A US consumer privacy group has called for a global boycott of Tesco stores over the company's trial of Radio Frequency Identification (RFID) chips.
Tesco says the trial will benefit its customers
The technology allows products to be tracked via radio waves.
Privacy groups have labelled them "spy chips" because they fear the tags attached to products, can be used to track the behaviour of customers.
But Tesco said the tags, being trialled on high value items in 10 stores, were only to help its distribution process.
"Suggestions that Tesco might use this technology to track products once they have been purchased, thereby invading customers privacy are simply wrong, in fact it would be illegal in Europe," a Tesco spokeswoman told the BBC's Newsnight programme.
"The radio barcode is only activated when in close proximity to the reader located in the store or distribution centre."
Up to now the Tesco has used RFID chips on cases of non-food items at its distribution centres.
The spokeswoman said the new trial was to help the company track products between its distribution centres and stores.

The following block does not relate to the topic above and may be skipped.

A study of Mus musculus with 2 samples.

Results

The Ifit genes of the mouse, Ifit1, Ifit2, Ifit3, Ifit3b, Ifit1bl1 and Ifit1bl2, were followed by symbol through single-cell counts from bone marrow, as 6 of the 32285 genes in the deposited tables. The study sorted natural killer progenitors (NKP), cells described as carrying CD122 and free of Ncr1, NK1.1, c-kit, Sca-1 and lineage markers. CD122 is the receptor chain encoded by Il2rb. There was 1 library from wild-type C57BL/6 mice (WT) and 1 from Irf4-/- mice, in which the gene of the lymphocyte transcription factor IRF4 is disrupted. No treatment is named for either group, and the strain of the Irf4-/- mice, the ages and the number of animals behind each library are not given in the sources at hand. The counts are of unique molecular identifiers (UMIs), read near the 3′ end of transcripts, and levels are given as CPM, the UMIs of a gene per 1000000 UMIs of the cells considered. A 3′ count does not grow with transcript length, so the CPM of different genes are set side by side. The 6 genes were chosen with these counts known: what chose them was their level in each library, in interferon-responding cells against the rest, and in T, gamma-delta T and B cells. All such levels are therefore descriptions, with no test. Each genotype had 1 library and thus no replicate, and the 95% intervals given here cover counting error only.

"This helps us ensure that products are in the right place at the right time for customers."
If RFID technology was attached to most products, checkout scanning would take seconds although Tesco has said in the past it had no plans to automate the payment process in this way.
The boycott is being called by the group Consumers Against Supermarket Privacy Invasion and Numbering (Caspian).
Caspian director Katherine Albrecht said the decision to carry out in-store RFID trials on products breached an informal moratorium that has, until now, limited the technology mainly to the production and supply-chain areas of big business.
"More people across Great Britain will be taking home items containing spy chips, and that is simply unacceptable."
She added: "If people must shop at Tesco, we are asking them to reduce their purchases."